Degenerating neurons in patients with Alzheimer's disease (AD) measurably responded to an experimental gene therapy in which nerve growth factor (NGF) was injected into their brains, report researchers at University of California, San Diego School of Medicine in the current issue of JAMA Neurology.
The affected neurons displayed heightened growth, axonal sprouting and activation of functional markers, said lead author Mark H. Tuszynski, MD, PhD, professor in the Department of Neurosciences, director of the UC San Diego Translational Neuroscience Institute and a neurologist at VA Medical Center, San Diego.
The findings are derived from postmortem analyses of 10 patients who participated in phase I clinical trials launched in 2001 to assess whether injected NGF - a protein essential to cellular growth, maintenance and survival - might safely slow or prevent neuronal degeneration in patients with AD.
Administering NGF directly into the brain - a first for treating of an adult neurodegenerative disorder - was done for two reasons. The NGF protein is too large pass through the blood-brain barrier, making it impossible to inject elsewhere. And freely circulating NGF causes adverse effects, such as pain and weight loss. By precisely injecting NGF into targeted regions of the brain, researchers could introduce the protein only to surrounding degenerating neurons.
The gene therapy approach has since progressed to phase II trials at multiple test sites. Results have not yet been released. The published findings come from AD patients who participated in safety trials from March 2001 to October 2012 at UC San Diego Medical Center. The participants lived one to 10 years after treatment.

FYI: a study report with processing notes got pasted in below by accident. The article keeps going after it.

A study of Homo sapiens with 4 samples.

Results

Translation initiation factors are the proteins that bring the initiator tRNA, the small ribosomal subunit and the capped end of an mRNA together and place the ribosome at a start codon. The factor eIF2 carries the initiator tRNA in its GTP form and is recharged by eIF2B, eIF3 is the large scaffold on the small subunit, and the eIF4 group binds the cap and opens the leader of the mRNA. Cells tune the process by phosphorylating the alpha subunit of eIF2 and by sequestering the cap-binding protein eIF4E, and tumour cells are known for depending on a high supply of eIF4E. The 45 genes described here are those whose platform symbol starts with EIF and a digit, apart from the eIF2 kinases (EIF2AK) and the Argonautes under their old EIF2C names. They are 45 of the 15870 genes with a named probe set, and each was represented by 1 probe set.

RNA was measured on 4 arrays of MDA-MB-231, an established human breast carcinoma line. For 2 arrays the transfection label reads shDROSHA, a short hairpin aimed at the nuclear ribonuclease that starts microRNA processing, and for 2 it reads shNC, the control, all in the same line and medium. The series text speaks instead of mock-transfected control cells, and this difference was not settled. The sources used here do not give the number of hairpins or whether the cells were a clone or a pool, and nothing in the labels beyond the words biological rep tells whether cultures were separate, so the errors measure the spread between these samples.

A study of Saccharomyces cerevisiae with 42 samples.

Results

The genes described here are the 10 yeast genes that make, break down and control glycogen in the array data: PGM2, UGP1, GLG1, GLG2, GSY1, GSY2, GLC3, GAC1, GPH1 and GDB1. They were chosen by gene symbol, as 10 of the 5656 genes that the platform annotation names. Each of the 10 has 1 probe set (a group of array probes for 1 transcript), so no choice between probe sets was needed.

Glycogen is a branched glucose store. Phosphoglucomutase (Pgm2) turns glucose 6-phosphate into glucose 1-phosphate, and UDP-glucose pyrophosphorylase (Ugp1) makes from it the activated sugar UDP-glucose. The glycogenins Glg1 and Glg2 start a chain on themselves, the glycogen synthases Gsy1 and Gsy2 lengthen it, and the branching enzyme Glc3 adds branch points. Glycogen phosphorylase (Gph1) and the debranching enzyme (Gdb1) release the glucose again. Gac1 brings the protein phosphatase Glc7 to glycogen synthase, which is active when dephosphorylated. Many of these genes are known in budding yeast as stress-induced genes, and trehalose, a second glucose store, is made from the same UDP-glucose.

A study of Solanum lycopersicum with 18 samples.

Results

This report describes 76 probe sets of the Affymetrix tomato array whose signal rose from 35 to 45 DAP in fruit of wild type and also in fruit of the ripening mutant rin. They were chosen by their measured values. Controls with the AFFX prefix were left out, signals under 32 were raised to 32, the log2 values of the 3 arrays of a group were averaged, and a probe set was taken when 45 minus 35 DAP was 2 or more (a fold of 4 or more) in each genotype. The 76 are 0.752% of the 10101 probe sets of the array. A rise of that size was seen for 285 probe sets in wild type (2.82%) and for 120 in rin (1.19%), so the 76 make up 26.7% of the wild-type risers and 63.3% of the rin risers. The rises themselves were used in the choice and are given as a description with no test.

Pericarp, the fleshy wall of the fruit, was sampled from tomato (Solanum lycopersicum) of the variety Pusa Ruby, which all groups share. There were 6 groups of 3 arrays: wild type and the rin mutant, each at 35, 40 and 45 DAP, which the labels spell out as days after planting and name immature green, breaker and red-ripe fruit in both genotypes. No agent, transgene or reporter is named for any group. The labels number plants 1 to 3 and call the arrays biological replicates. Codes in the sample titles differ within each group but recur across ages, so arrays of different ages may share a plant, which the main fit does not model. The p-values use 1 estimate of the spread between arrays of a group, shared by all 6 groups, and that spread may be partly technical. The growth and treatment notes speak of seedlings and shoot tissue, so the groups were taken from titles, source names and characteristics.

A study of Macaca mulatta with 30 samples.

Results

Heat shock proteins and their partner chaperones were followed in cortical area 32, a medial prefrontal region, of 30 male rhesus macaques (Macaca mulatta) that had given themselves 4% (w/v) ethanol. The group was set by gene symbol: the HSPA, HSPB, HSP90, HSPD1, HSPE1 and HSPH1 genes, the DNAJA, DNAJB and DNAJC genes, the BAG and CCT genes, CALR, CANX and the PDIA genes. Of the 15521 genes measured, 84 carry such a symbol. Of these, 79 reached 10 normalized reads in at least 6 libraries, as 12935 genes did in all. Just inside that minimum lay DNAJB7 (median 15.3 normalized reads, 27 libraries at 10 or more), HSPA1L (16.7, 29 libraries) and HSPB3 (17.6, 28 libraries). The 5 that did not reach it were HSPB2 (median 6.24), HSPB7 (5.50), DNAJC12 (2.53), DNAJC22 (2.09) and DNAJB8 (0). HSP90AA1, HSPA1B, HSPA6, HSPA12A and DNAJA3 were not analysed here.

"All of the Alzheimer's disease brains showed anatomical evidence of a growth response to the growth factor," said Tuszynski, who has been principal investigator for the trials from the beginning. "This means that growth factors as a class consistently result in activation of dying cells in human neurodegenerative disorders."
Tuszynski said the findings indicate NGF is safe over extended periods and that it merits continued testing as a potential AD treatment. Currently, there is no effective treatment or cure for AD.
Co-authors include Jennifer H. Yang, Mary M. Pay, Eliezer Masliah, David Barba, Hoi-Sang U, James M. Conner, Peter Kobalka, Subhojit Roy, and Alan H. Nagahara, all at UC San Diego; and Roy A. E. Bakay, Rush University Medical Center.
Funding support for this research came, in part, from the National Institutes of Health (grants AG10435 and AGO43416), the Veterans Health Administration, the Alzheimer's Association, the Donald and Darlene Shiley Family Trusts and Ceregene, Inc.
Disclosure: Mark Tuszynski is scientific founder of Ceregene, Inc., but has no present financial interest in the company.